AFTER FURTHER REVIEW
Conferring over provider complaints, Medicare officials ease up on ACO rules to encourage participation
FDA looks at overseas trials
Medicare officials sweetened the deal intended to encourage hospitals and doctors to take on risk in exchange for rewards for high quality and efficient care.
The CMS issued a final rule last week establishing a framework for accountable care organizations, and it promises more money and fewer measures of quality in direct response to heavy criticism of draft regulations from providers and policy experts (June 6, p. 6).
The regulations reduced the number of quality measures by about half and increased the financial incentives for providers. The changes won preliminary praise from major trade groups and professional associations, which moved quickly to digest hundreds of pages of rules from multiple federal agencies, including the CMS, the Federal Trade Com- mission and the Justice Department.
Such significant changes underscored the Obama administration’s desire to salvage what many policymakers hope will be a promising model to overhaul healthcare financing and delivery. Under accountable care, providers that meet certain quality and cost-saving targets are eligible for a share of the savings.
“This is very much an attempt to resurrect or rescue an initiative that wasn’t doing well,” said Paul Ginsburg, president of the Center for Studying Health System Change. Ginsburg lamented financial incentives in the March proposal as “somewhat stingy,” which he said he believes the final rule attempted to remedy.
Medicare would save up to $940 million over four years under projections for the final rule. The agency’s prior proposal would have saved Medicare up to $960 million over three years.
More generous bonuses contributed to the smaller federal gains under the final rule. Bonuses paid to providers could climb as high as $1.9 billion.
Federal officials should worry less about how much Medicare can save during the early years of accountable care, Ginsburg said, and focus more on raising interest with stronger incentives. Officials always understood the trade-off between federal savings and provider incentive to form ACOs, he said, but apparently “guessed wrong” the first time around.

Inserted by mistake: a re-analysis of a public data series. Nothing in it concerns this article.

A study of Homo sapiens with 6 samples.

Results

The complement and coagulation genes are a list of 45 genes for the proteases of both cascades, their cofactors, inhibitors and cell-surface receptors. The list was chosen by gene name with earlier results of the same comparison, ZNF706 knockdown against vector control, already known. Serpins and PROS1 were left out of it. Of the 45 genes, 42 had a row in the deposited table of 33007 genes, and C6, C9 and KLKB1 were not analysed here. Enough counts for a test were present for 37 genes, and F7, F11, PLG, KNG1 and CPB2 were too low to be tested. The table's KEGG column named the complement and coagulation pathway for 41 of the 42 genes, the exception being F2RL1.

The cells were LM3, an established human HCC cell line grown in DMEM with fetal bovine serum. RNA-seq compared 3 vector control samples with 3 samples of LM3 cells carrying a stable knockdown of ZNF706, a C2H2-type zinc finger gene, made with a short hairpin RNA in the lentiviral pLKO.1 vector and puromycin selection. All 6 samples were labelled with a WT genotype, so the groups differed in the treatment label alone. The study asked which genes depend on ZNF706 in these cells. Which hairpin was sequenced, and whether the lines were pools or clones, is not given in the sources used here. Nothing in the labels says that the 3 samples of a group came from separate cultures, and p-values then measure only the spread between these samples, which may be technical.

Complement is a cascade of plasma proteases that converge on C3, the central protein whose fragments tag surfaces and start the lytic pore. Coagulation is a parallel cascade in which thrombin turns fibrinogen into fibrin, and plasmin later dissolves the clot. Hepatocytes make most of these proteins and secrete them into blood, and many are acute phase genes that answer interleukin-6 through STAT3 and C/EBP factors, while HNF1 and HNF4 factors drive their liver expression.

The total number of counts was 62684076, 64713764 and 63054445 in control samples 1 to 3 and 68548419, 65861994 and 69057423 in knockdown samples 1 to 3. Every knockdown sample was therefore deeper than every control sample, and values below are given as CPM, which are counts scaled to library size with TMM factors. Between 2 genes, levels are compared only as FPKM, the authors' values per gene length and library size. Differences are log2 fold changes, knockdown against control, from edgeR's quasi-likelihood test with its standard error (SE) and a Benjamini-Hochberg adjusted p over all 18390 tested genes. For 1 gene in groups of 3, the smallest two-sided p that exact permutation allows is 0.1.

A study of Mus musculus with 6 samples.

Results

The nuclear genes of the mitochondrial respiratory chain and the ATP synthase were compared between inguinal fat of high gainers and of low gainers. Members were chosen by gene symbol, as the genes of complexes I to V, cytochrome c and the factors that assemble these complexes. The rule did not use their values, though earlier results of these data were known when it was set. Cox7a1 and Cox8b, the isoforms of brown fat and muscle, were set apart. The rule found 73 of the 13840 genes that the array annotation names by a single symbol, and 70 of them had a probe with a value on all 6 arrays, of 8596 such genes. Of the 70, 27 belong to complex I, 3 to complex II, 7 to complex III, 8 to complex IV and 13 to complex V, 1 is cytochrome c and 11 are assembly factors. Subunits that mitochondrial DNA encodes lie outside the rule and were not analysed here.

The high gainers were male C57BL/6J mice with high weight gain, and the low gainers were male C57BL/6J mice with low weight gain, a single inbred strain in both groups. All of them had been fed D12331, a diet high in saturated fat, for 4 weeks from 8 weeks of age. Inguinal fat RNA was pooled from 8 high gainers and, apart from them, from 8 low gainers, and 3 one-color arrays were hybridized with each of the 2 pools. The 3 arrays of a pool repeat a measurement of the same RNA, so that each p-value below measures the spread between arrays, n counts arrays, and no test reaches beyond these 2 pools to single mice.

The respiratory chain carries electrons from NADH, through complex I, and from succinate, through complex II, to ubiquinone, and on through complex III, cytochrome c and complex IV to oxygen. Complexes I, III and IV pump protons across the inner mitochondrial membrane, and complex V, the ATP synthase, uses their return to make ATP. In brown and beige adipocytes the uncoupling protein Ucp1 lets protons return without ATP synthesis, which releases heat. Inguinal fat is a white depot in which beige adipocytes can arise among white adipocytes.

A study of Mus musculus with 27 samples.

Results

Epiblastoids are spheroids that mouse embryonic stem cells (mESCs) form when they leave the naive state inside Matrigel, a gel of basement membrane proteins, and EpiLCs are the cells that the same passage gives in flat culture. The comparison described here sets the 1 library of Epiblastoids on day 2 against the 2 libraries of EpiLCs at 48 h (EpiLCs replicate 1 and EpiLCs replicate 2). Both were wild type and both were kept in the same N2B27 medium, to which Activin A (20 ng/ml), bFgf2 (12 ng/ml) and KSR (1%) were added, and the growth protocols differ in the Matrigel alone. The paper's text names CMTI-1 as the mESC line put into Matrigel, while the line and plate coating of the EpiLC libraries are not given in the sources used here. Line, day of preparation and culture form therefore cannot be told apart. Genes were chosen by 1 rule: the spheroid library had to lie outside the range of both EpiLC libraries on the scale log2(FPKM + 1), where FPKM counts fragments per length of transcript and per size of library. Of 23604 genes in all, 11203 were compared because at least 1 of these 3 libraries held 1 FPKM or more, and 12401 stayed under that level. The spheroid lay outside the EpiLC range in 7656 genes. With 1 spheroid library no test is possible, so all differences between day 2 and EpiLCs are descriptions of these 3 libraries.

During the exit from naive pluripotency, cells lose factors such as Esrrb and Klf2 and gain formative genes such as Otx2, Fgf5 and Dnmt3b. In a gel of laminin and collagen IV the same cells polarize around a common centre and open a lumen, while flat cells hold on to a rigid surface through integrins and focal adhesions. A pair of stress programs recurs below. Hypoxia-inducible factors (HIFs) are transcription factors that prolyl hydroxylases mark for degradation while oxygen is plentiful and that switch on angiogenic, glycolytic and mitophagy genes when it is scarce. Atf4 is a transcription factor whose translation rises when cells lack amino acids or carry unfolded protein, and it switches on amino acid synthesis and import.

“Realistically, it’s an experiment,” Ginsburg said. “You need participants.”
Henry Ford Health System in Detroit will not be among them. The health system withdrew an application through the Center for Medicare and Medicaid Innovation for an advance guard of ACOs, dubbed pioneers. Instead, Henry Ford will concentrate on a federal primary-care coordination incentive program and the federal pilot of bundled payments, said Dr. Mark Kelley, executive vice president and chief medical officer for the health system and CEO of Henry Ford Medical Group.
Kelley called the rule changes a “good start” but said the health system decided even before their release that bundled payments would better serve the system’s coordination efforts.
Agreements for Medicare ACOs and a newly unveiled advanced-payment program, which will provide upfront financing for small accountable care networks, will begin next year on April 1 and July 1.
Medicare officials readily acknowledged the industry’s outcry over the proposed financial incentives and potential costs prompted the rule’s modifications.
HHS’ final set of ACO regulations spanned 696 pages. A strong outpouring of comments prompted changes.